The $1.2 trillion cuts over 10 years known as the sequester will hit hardest on women and African Americans according to accounts being released by Democrats including the Congressional Black Caucus. A disproportionate number of women and blacks work in public service and government—where the hits will hit hardest. On other levels, with unemployment almost twice as high among African Americans, any cuts to spending programs which assist those in need will affect African Americans on a much greater level. Women who need assistance on WIC programs which assist with simple milk and food for children in need will be affected.
And for those youth who are excitedly receiving admission letters and financial aid letters for college, they will be receiving decreased aid as a result of the sequester. Some colleges and universities are trying to avoid having to cut programs and aid. Others will have no choice but to cut financial aid due to sequester. Our children are our future. And their futures will be adversely affected by the sequester whether from cuts to Head Start, WIC programs or financial aid for college. With many parents out of work, under employed or under paid, there will not be ways for families to offset these unnecessary sequester cuts.
For those persons who are struggling to survive on a day to day basis, the sequester could not come at a worse time. A study done by the Center for American Progress indicates that “minorities would be hurt by cuts to long-term unemployment benefits, workforce development programs, early childhood grants, youth job programs, healthcare research and home heating assistance under the Low Income Home Energy Assistance Program (LIHEAP).”
Congresswoman Barbara Lee (D.CA) indicates that the cuts will adversely affect jobs in the public sector and federal government where a larger percentage of women and blacks are employed. Lee said in 2011, employed blacks made up 20 percent of the federal, state and local public-sector workforce, and that women were 50 percent more likely to work in the public sector.
There are other ways that the sequester will affect women, blacks and youth, according to a Think Progress report. Here are a few examples:
- 2700 schools lost
- 9880 education staff lost
- 70,000 children being taken off the Head Start program
- 30,000 teacher jobs
- 1.2 million students will be affected
|All of these above cuts in funds will come from low income communities.|
- Housing vouchers, shelter programs, and rural rent assistance are also on the chopping block which may result in 125,000 persons at risk of homelessness.
- Labor Secretary Hilda Solis wrote, “For the long-term unemployed, more than 3.8 million people receiving Emergency Unemployment Compensation benefits will see their benefits reduced by as much as 9.4 percent. Affected long-term unemployed individuals would lose an average of more than $400 in benefits.”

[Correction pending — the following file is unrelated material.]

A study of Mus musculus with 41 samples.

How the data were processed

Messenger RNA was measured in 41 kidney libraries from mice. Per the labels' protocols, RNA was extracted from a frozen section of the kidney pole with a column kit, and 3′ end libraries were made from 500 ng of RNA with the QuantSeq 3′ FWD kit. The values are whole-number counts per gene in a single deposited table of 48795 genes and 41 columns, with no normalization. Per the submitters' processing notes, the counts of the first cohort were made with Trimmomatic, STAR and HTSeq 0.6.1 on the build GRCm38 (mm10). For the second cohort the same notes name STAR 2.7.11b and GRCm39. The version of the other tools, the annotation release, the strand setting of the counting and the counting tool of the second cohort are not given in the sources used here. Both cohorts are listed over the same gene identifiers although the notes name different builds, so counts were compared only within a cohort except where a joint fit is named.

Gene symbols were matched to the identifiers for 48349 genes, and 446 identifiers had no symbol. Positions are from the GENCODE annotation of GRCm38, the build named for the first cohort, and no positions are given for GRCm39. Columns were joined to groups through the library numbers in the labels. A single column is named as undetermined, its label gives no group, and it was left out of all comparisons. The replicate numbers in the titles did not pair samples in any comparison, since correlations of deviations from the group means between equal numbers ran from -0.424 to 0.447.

- Agriculture Secretary Tom Vilsack warns about “elimination of rental assistance for more than 10,000 very low income rural residents, generally elderly, disabled, and single family head of households.
- $43 million for food programs for seniors of which many of them are women.
Meanwhile, House Speaker John Boehner, in the face of these devastating cuts goes on TV and says: “I don’t know whether it’s going to hurt the economy or not….I don’t think anyone quite understands how the sequester is really going to work.” This is what our House leader says in face of real evidence to the contrary. There is nothing abstract or unknown about cutting jobs and its effect on the economy,
Most importantly, the sequester is not a partisan, a color blind, urban or rural issue. It affects Democrats and Republicans alike. Sequester cuts do not know whether a person is black, white, Latino, Asian, Democrat or Republican. There are many white Republicans, particularly women who fall into the categories of those who will be hit hardest by the cuts. And these women need to tell their Republican representatives that they want action.
Sequester cuts don’t care what party affiliation to whom one belongs. But sequester cuts are not an equal opportunity chopping board. The sequester cuts will affect women, minorities and youth the hardest. Now is the time to act before the real pain sets in. But who’s going to get the GOP House members to act before the pain becomes unbearable for women, blacks and our youth? Apparently, no one knows the answer to that $1.2 trillion question. House Chaplain Barry Black said it best at his recent prayer before the sequester set in, “Help save us from ourselves”. I would add to help save us from the obstructionist Republican controlled Congress.
Debbie Hines is an attorney who often appears in the media addressing issues on race and gender. She also contributes to the Huffington Post and the Women’s Media Center blog. Her writings have also appeared in the Washington Post, the Baltimore Sun, and the Afro-American.